The Sportsman Masters 267 OE is one beefy bay boat that’s designed and built with the attitude of a serious piscatorial predator.
I’m walking down the docks looking at a line-up of seven new center console fishing boats one after the next when I spot it.
Stop! Hold on, wait a sec, and just a moment.
What is this fine creature of carnage bobbing around in slip number eight? I see Sportsman printed on the side, but this bay boat looks different from Sportsman’s current bay boat models. Then I find the rep and learn the back-story: this is a prototype, hull number-one of a new model dubbed the Masters 267 OE.
We get on the boat, motor out into the bay, and nail the throttle on the single Yamaha F425 XTO Offshore outboard. In a matter of seconds, we’re screaming across the chop at over 56 mph (though the Yamaha techs on the scene managed to wring 60.2 mph out of this rig on calm water with two fewer people aboard). With the rpm set to a reasonable 4500, we maintain a 43.5 mph cruise. For those of us interested in bay boats that can handle blue water, that’s an important number to pay attention to. Obviously, everyone likes going fast, but offshore runs can make for a very long haul at more timid speeds. And since the boat gets 2.2 mph at that cruise, the range is well over 200 miles.
The single Yamaha F425 provides rather stellar performance. Sportsman also plans to offer the boat with 300 or 350 horses, but since none of these rigs have hit the water just yet we can’t comment on the performance differences.
We didn’t have the opportunity to charge through an inlet in this boat, but we did get the chance to blast through the Chesapeake in a stiff 15-knot breeze that created a tight, vertical, bash-your-brains-in style chop – and we felt the 267 OE handled it far better than the average bay boat. True, the hull only has 16 degrees of transom deadrise and you need to work the trim to make sure the sharp entry is slicing open the waves. Do so, however, and the hull performs admirably. And remember, that moderate deadrise is a must-have for a bay boat – note that the Sportsman enjoys excellent lateral stability, and can float in a mere 15-inches of water.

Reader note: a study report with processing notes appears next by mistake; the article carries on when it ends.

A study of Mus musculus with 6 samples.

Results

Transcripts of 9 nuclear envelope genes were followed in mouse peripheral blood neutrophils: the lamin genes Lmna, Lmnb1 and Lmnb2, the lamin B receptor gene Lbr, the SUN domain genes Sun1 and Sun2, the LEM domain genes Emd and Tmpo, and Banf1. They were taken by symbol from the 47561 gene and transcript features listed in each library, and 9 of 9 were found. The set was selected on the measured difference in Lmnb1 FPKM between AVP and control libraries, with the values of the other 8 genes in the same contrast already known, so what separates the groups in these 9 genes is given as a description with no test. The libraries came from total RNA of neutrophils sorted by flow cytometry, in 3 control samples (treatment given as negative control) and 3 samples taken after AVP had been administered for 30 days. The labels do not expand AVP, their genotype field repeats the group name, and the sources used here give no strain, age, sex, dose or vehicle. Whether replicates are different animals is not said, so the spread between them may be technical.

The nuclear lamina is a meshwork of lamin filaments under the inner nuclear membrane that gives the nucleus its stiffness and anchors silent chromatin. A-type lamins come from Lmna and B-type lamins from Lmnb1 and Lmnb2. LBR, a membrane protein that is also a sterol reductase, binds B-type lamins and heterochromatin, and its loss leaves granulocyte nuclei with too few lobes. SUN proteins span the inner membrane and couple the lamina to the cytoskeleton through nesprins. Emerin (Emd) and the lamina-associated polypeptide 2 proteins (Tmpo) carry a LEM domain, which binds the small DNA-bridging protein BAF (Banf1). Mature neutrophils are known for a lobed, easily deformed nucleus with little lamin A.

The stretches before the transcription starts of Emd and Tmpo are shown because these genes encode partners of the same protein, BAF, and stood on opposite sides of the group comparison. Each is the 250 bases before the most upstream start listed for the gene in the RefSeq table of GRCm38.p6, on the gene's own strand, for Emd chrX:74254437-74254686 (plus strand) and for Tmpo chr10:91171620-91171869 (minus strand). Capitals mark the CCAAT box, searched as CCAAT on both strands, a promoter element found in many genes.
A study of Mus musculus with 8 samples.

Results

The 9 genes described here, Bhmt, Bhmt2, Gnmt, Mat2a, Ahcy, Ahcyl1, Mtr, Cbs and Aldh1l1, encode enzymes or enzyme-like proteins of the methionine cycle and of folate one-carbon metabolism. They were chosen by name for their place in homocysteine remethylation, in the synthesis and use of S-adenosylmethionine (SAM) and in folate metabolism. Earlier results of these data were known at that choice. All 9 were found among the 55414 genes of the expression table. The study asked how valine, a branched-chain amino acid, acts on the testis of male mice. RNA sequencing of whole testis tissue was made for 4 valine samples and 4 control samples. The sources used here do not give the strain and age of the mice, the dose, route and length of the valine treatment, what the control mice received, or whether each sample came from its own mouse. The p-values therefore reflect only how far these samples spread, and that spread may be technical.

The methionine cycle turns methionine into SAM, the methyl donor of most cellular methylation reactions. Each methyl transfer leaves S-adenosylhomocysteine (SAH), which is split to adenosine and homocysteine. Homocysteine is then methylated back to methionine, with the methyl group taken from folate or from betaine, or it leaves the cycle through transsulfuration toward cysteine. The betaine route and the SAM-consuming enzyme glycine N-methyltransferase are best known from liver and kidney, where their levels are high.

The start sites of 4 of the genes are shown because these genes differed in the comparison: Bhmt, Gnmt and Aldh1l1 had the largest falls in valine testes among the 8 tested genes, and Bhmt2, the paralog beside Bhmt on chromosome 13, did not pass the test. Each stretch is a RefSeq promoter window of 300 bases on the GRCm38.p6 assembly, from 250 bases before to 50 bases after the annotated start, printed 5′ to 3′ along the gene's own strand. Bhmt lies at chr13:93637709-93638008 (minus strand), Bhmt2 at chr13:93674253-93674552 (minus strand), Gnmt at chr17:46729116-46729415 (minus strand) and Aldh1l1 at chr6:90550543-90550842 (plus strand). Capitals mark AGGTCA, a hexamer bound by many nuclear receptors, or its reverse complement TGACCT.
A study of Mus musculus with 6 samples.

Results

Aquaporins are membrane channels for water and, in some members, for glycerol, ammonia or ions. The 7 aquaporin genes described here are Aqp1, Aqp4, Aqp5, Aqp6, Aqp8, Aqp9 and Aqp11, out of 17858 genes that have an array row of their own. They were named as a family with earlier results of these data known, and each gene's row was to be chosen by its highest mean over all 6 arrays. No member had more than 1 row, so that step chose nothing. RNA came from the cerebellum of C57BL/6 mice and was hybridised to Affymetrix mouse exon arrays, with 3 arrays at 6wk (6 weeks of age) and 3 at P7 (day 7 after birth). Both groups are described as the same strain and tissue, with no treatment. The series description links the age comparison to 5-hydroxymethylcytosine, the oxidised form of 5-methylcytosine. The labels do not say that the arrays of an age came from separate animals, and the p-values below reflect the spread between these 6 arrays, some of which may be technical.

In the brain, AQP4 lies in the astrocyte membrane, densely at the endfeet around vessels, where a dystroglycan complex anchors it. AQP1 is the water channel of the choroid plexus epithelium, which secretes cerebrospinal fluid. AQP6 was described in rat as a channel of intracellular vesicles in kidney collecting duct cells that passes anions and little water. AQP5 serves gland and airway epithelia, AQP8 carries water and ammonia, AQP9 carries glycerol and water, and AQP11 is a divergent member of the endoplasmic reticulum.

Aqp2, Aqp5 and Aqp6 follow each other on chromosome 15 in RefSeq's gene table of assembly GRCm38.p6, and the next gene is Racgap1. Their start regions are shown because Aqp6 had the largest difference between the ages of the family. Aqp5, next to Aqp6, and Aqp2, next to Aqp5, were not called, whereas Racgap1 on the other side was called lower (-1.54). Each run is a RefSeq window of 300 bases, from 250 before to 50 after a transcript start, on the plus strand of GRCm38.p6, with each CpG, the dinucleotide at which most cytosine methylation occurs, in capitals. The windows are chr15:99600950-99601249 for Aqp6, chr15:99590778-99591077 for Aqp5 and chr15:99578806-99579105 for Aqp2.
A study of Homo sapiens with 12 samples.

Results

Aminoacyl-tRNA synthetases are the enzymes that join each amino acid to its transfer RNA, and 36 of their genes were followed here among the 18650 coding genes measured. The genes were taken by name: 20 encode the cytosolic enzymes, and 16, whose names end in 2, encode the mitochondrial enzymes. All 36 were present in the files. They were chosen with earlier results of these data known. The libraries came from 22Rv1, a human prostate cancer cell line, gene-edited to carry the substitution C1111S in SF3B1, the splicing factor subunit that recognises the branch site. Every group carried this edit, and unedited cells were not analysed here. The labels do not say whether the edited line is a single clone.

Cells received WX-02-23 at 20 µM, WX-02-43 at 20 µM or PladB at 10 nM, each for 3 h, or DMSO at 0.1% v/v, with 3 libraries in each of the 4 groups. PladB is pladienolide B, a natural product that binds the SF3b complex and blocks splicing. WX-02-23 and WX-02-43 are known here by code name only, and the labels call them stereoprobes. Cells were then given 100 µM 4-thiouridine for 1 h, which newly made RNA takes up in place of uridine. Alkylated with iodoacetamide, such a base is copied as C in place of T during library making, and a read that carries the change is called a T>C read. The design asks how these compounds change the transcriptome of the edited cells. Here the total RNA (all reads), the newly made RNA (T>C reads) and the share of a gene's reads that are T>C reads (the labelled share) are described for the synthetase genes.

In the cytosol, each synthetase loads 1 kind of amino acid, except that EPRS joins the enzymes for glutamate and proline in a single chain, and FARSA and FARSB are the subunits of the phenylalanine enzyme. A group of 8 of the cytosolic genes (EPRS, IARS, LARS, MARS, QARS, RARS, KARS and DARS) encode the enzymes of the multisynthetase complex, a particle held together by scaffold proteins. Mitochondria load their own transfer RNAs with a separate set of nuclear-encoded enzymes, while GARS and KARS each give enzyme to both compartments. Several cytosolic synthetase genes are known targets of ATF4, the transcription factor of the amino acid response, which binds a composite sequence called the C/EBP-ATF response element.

Masters 267 OE Specifications
- LOA – 26’7”
- Beam – 9’2”
- Draft – 1’3”
- Displacement – 4,600 lbs.
- Transom deadrise –16
- Fuel capacity – 116 gal.
- Water capacity – 25 gal.
Those skinny-water applications are another area where this rig will shine. The aft elevated casting deck houses not one but two 21-gallon livewells, one of which has air-injection, plus a centered bench seat that swings open. Live bait nuts will love that there’s a third livewell (this one 32-gallons) in the leaning post, which also sports four rocket launchers. A 32-gallon in-deck fishbox rounds out the cockpits’ fishing features. But if you get the chance to fish on this boat, elbow your way right up to the bow. This is where the Masters 267 OE differs dramatically from the existing Masters 267. The bowdeck doesn’t have an elevated casting platform with those long, cushy loungers with backrests, and instead features a foredeck with an anchor locker, a forward fishbox, and two steps up that house an eight-gallon livewell (four livewells on one fishboat!) on one side and a drink box on the other. In front of the console, rather than find a compact seat you’ll see a coffin box with a lounger built on top – it’s almost as though Sportsman took the coffin box right out of their 28-foot TE center console, and mated it to their bay boat line.
In a nutshell, the OE shifts around and trades in some of the “family-friendly” features and the inshore perks of an elevated forward casting platform for big-water fish-killing advantages. And truth be told, during the short fishing trip we had after our boat test, we found casting from the bow perfectly comfortable and quite effective. (Would we be out of line to note that the lone angler aboard with BD cred caught three stripers, while those without caught just one fish combined?)
One more thing we’ve got to call out: the hardtop. This part isn’t particularly new for Sportsman, but it’s too well-designed and constructed to pass by without comment. It’s as stout as they come, incorporates a tempered glass windshield, stereo speakers, courtesy and spreader lights, and a radio box – and all are integrated into the top itself. It also carries a rack of four rocket launchers plus a pair of kingfish-style angled rod holders.
Put all these features together, and you get a bay boat that’s clearly capable of fishing far outside of the bay. You’ll also get stopped in your tracks, the first time you see one at the dock.
For more information, visit Sportsman Boats.